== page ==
BEING THE RICARDOS
Starring: Nicole Kidman, Javier Bardem, J.K. Simmons, Nina Arianda, Tony Hale, Alia Shawkat, Jake Lacy, and Clark Gregg
Director: Aaron Sorkin
Though significantly weaker in its writing than many of writer/director Aaron Sorkin’s other scripts and bland in the directorial sense, Being the Ricardos still managed to charm me. There’s not much beneath the surface of the story, set just before Lucille Ball’s “red scare” moment, but I was nonetheless taken by the quick-fire, “inside baseball” dialogue and the consistently engaging performances. None of the actors fully embody their characters, but they all give terrific turns, especially Nicole Kidman. The filmmaking itself seems more in tune with a miniseries format than a movie, but I can live with that.
Being The Ricardos is one of writer/director Aaron Sorkin’s weaker offerings, but it’s still an entertaining and interesting one. While his direction shows more style than his previous works, the pacing is very slow. On top of that, the structure of the film is extremely jarring. I’m usually a fan of the way Sorkin structures his stories, but this time it’s a bit confusing. Thankfully, Sorkin’s signature snappy dialogue is as fun as always; the performances by Nicole Kidman, Javier Bardem and Nina Arianda are amazing; and the film has enough of an emotional punch that it’s worth watching.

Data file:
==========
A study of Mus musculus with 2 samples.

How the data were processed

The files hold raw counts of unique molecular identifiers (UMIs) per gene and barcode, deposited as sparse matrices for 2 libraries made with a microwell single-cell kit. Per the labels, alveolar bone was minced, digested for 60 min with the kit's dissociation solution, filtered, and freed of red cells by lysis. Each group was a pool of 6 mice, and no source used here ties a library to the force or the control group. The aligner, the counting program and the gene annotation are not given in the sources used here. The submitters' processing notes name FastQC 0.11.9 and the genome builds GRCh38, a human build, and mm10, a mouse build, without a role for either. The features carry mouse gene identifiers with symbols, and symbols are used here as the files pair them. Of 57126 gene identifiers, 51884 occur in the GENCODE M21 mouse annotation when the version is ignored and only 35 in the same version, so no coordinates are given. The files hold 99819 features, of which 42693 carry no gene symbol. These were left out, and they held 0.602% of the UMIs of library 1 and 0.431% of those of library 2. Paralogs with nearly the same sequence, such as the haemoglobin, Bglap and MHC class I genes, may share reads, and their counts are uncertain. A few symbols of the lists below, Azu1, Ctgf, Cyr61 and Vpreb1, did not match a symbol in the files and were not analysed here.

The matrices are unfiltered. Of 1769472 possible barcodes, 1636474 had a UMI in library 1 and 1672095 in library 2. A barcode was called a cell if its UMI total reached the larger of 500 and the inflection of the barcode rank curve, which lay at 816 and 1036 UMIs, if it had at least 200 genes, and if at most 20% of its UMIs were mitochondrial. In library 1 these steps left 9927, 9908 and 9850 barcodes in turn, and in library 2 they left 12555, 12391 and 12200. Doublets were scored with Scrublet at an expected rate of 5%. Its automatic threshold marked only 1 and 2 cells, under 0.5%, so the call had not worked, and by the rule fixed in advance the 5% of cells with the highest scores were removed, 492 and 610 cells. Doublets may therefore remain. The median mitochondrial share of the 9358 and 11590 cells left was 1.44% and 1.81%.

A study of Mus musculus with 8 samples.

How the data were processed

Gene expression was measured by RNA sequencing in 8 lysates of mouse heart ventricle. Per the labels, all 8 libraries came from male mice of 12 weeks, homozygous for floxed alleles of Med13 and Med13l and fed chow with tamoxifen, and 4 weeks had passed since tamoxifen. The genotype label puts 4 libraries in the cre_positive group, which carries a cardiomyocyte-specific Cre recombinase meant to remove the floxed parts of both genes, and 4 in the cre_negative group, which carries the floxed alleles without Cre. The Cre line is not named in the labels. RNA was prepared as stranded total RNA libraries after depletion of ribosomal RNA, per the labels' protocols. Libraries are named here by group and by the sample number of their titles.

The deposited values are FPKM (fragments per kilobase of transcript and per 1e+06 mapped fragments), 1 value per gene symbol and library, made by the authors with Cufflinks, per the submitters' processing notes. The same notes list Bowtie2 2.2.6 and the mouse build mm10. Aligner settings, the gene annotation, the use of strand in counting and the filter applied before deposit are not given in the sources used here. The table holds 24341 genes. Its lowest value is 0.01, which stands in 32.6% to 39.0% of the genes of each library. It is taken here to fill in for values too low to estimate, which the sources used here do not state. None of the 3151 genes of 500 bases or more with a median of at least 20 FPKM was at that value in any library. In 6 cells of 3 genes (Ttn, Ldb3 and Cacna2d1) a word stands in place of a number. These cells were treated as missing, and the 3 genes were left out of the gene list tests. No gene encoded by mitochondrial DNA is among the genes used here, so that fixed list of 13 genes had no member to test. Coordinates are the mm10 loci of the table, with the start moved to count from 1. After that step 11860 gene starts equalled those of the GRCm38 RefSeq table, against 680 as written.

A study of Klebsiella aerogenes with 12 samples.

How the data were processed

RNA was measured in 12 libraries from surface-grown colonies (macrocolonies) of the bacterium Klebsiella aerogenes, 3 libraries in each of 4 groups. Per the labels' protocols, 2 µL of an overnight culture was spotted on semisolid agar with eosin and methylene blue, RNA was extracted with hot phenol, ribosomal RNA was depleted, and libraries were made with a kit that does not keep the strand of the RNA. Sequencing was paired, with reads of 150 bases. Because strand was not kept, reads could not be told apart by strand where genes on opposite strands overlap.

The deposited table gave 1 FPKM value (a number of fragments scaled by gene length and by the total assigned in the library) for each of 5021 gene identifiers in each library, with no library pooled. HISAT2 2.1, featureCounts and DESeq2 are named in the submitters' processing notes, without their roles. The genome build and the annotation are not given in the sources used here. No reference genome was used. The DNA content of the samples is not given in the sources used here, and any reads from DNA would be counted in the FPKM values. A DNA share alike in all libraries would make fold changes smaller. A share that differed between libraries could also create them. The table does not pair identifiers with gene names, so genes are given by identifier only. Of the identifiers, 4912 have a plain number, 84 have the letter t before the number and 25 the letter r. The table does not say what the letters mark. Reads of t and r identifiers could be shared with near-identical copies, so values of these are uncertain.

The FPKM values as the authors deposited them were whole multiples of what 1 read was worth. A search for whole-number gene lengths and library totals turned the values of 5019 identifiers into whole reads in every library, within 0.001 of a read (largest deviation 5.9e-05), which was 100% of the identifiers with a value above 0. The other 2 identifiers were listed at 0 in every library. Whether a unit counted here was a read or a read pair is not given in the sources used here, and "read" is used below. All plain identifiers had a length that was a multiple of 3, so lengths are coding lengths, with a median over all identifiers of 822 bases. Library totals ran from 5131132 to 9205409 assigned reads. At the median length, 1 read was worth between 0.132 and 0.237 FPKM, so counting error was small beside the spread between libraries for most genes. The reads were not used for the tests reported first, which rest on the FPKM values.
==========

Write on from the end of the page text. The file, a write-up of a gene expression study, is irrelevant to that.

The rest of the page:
In Being the Ricardos, writer-director Aaron Sorkin gives I Love Lucy the Sports Night (and The Newsroom) treatment by providing a humanizing, behind-the-scenes look at the classic Hollywood production, with the fact of it being based on a true story adding a bit more oomph to the proceedings. The material also is elevated by a terrific cast that skillfully delivers Sorkin’s rapid-fire dialogue effortlessly. I suspect that the film will be more resonant with those who watched the classic series (which I didn’t) and it lacks some tension since the events are predetermined, but I found myself fascinated, nonetheless.